Let me be clear about something. I love stuffed pasta shells. A cinch to make, they are the perfect blend of ricotta cheese, spinach, & pasta. I realize that some may feel that the same could be said for lasagna and they’d be correct, for the most part. My family’s lasagna recipe, however, doesn’t include ricotta, making it relatively unique, as far as lasagna goes. What’s more, we use very little ricotta in other recipes so these shells are a real stand out. In my last post, I described making ricotta and shared a recipe that yields about 2 pounds of the cheese. Well, that’s a lot of ricotta, as I soon found out. When all was said and done, I had filled four 9 x 9″ aluminum cake pans with 12 shells apiece. (1 tray was destined for the oven; 2 for delivery to friends; and 1 was frozen.) I used that cooking experience as a guide for today’s recipe and halved the recipe, using 1 pound of ricotta. By the way, if you’re vegetarian or limiting red meat in your diet, use a marinara sauce instead of one with meat.
total time: about 90 minutes. yield: about 24 shells.
- 1 pound fresh ricotta (1/2 of home-made ricotta recipe)
- 1 – 10 oz. pkg frozen chopped spinach, cooked and well-drained
- 1 c grated parmesan cheese
- 2 eggs, slightly beaten
- 1 tsp kosher salt
- 1/8 tsp ground nutmeg
- 1 quart pasta sauce, marinara or meat-based
- 1 box jumbo pasta shells, cooked following package directions, reserved in cold water.
- 1 cup grated mozzarella, or more to taste
- Pre-heat oven to 350*. Butter one9 x 13″ baking dish/pan.
- Place ricotta, spinach, parmesan cheese, eggs, salt, and nutmeg into a bowl and combine, either by hand or using a stand mixer, until well-blended.
- Add about 2/3 of the sauce to the baking dish with a little water.
- One by one, fill each shell with 1 1/2 to 2 tbsp of the filling mixture and place in the baking dish.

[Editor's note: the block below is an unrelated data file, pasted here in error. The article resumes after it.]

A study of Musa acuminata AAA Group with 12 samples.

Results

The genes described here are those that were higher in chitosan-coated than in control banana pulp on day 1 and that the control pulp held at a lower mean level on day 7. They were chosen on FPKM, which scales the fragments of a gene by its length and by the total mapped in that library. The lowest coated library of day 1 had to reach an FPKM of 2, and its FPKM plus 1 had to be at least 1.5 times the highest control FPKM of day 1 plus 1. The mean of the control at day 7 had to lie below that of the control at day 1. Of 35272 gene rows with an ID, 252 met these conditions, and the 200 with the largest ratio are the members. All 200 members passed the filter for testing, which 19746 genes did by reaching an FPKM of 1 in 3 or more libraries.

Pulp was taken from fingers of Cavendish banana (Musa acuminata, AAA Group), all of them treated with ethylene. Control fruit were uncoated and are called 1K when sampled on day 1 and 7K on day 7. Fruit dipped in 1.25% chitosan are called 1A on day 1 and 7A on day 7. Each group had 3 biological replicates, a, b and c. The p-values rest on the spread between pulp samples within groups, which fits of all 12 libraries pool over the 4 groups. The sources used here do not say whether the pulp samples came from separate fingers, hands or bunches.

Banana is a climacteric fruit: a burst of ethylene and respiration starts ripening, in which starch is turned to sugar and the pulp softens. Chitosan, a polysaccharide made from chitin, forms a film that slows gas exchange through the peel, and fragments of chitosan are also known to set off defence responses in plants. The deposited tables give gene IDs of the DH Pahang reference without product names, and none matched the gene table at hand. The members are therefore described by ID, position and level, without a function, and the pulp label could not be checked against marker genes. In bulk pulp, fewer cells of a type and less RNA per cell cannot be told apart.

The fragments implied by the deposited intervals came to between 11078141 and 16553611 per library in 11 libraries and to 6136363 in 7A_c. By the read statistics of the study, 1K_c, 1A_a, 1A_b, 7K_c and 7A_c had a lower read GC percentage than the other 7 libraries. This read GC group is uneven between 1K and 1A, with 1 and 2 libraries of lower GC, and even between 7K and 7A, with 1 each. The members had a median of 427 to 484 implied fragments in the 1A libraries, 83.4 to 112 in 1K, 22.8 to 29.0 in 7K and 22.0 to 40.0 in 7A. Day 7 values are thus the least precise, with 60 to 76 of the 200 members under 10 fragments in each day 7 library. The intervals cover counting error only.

- When the tray is filled, drizzle remaining sauce over the tops of the stuffed shells. Sprinkle with mozzarella and cover with aluminum foil.
- Place on oven’s center rack and bake for 30 minutes. Remove foil and continue baking for 15 minutes more.
- Remove from oven, let rest at least 5 minutes, and serve.
Variations Instead of spinach, cooked & chopped Swiss chard or broccoli rabe (rapini) may be added to the cheese before stuffing the shells. For a cheesier dish, use a few tablespoons of chopped, fresh basil or parsley in place of the spinach.
Extra shells may be frozen using either of 2 methods:
- Perhaps the easiest way to freeze them is to place the stuffed shells on a baking sheet lined with wax paper. Place the tray in the freezer and, after at least 2 hours, remove the shells and place in a container suitable for storage in the freezer. I wouldn’t suggest freezer bags because the pasta shells get rigid when frozen and bags may not offer enough protection. When you wish to cook them, treat the frozen shells as you would fresh and place them in a baking dish filled partway with sauce. Cover with foil, pace on center rack, and bake for 1 hour in a pre-heated 350* oven. After 1 hour, remove foil and insert tip of knife into the cheese of one of the shells in the middle of the tray. After a few seconds, remove knife and feel tip. If it’s just warm, cook, uncovered, for 15 minutes more. If the knife tip is hot, continue baking, uncovered, until the cheese on top is to your liking. If the knife tip is cold, the cheese isn’t heated. Put foil back onto the tray, cook for another 15 minutes, and test again.
- Alternately, you can prepare the shells in a tray as normal but put them in the freezer instead of the oven. Later, place them, covered with foil, in a 350* pre-heated oven for 1 hour. Refer to the prior note for testing the shells for doneness.